Monday, November 7, 2011

Truth of the world: Common sense is uncommon after all!

I'm reading this book and I think it's damn good.

Read this paragraph and tell me you're not getting a light bulb moment.

"People who lack common sense are a bit like the hapless robot in that they never seem to understand what it is that they should be paying attention to, and they never seem to understand what it is that they don't understand.  And for exactly the same reason that programming robots is hard, it's surprisingly hard to explain to someone lacking in common sense what it is that they're doing wrong.  You can take them back through various examples of when they said or did the wrong thing, and perhaps they'll be able to avoid making exactly those errors again.  But as soon as anything is different, they're effectively back to square one.  We had a few cadets like that at the academy: otherwise perfectly intelligent, competent people who just couldn't seem to figure out how to play the game.  Everyone knew who they were, and everyone could see that they just didn't get it.  But because it wasn't exactly clear what it was that they didn't get, we were unable to help them.  Bewildered and overwhelmed, most of them eventually left."

I'll show you the book when I'm done but seriously, reading this is like a BIG 'OH I SEE' moment.

And just awhile back, I had a conversation with a dear friend in London.  I told her that it's getting more and more apparent to me that in life, there's no right or wrong.  We always have a comeback line to justify whatever decision we make.  We're always contradicting ourselves like that one fine day in Smythson on Bond - one notebook says, The best things come to those who wait while another points out, Make it happen.  I not only have trouble deciding which colour to get, now I have an internal debate who am I really so that I do not pick the wrong title that will misrepresent me.  And then, came this moment when I read from the very same book:

"The same difficulty of reconciling what, individually, appear to be self-evident beliefs shows up even more clearly in the aphorisms that we invoke to make sense of the world.  As sociologists are fond of pointing out, many of these aphorisms appear to be direct contradictions of each other.  Birds of a feather flock together, but opposites attract.  Absence indeed makes the heart grow fonder, but out of sight is out of mind.  Look before you leap, but he who hesitates is lost.  Of course, it is not necessarily the case that these beliefs are contradictory - because we invoke different aphorisms in different circumstances.  But because we never specify the conditions under which one aphorism applies versus another, we have no way of describing what it is that we really think of why we think it.  Common sense, in other words, is not so much a worldview as a grab bag of logically inconsistent, often contradictory beliefs, each of which seems right at the time but carries no guarantee of being right any other time."

I don't know if this interest you as much but it's Pandora box to me.  Suddenly everything is crystal clear.  We use common sense (in this case, usually communicated via an aphorism) in situations where our hearts or minds have already made the decision.  These aphorism is only a way to communicate to others to reaffirm what we have already pre-decided whether we know it or not.  For example a girl who dates a guy who's completely opposite of her.  And they broke up, and she tells her friends, "Okay, you know... we're like from two different worlds".  Same girl, goes out with another guy who's still completely opposite of her.  They hit off and live a fairy tale life, and she tells her friends, "We're so different... I guess it's true when they say opposite attracts.  We completely balance each other out".  You must be thinking... what a fickle minded person - her justification is non-justification.  But if you truly think about it... It's not that she's lying to herself nor giving excuses for being together with one person and not the other.  To me, understanding how this whole common sense works and its relation with aphorisms, tell me that her subconscious has already decided who she liked more.  Truth is, she didn't like the first guy as much as she liked the second one.  There's no bad, no good.  Just as it is.  It's amazing how I finally realize that common sense is the unexplainable intuition (which is an oxymoron by the way because you can never explain intuition anyway) that helps people listen to the small truth in their mind.  The decision that's driven by emotions (perhaps?) explains why it's... unexplainable.  Communicating this common sense is just a way to crystallize that feeling into an action.  Wow.  I.  Never.  Thought.  Of.  That.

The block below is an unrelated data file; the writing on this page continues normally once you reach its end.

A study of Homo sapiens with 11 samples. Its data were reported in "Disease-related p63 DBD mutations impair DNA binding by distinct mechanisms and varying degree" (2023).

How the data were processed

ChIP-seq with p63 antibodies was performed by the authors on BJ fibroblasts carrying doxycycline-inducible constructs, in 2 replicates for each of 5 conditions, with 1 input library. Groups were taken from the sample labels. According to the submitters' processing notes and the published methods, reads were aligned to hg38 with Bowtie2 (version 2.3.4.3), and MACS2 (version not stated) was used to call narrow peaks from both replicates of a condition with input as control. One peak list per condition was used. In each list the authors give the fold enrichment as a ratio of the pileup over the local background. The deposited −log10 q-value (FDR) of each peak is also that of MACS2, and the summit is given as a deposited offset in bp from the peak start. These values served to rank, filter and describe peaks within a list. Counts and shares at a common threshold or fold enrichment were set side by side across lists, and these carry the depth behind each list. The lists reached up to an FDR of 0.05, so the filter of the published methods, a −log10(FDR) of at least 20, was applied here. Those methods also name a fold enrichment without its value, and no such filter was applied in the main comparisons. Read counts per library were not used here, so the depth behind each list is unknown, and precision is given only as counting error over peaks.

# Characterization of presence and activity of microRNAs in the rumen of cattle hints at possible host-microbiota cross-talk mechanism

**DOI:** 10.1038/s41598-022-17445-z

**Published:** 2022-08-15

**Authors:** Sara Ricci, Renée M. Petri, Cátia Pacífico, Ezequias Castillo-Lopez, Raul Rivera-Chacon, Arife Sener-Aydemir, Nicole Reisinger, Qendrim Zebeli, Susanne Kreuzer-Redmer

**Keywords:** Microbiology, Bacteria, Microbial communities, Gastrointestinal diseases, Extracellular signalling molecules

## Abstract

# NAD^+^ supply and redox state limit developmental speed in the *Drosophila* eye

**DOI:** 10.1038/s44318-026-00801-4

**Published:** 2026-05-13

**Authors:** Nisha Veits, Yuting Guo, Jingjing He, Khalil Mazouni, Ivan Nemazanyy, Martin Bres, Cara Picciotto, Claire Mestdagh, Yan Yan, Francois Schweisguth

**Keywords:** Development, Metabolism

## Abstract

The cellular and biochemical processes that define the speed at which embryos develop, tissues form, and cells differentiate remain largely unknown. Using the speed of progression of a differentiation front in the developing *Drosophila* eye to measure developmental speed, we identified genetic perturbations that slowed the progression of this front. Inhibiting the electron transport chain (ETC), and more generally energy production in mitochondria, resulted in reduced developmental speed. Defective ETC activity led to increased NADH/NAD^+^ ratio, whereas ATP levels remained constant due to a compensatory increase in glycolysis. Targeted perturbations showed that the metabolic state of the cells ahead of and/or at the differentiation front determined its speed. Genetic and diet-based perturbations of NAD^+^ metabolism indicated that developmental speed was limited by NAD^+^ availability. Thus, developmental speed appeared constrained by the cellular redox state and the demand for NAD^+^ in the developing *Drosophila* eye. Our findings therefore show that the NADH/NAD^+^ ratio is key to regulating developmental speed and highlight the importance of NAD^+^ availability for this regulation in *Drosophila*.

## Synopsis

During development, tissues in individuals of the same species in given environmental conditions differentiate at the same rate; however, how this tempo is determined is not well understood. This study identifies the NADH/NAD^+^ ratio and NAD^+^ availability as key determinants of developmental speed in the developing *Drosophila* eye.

I'm sorry maybe it doesn't intrigue you guys as much but I suppose it doesn't just help me to understand people even better now, it helps me to understand what's going in me better now (remember what we said before? The best researcher is the best guinea pig).  And it helps me to be able to deal with situations better now (well it should).  And most most most most most importantly...  I finally realized that I'm not a robot.  Between 10101010s, I have something called intuition and robots cannot be preprogrammed to achieve that kind of God-given intelligence that we, human have :) (sorry, internal joke...).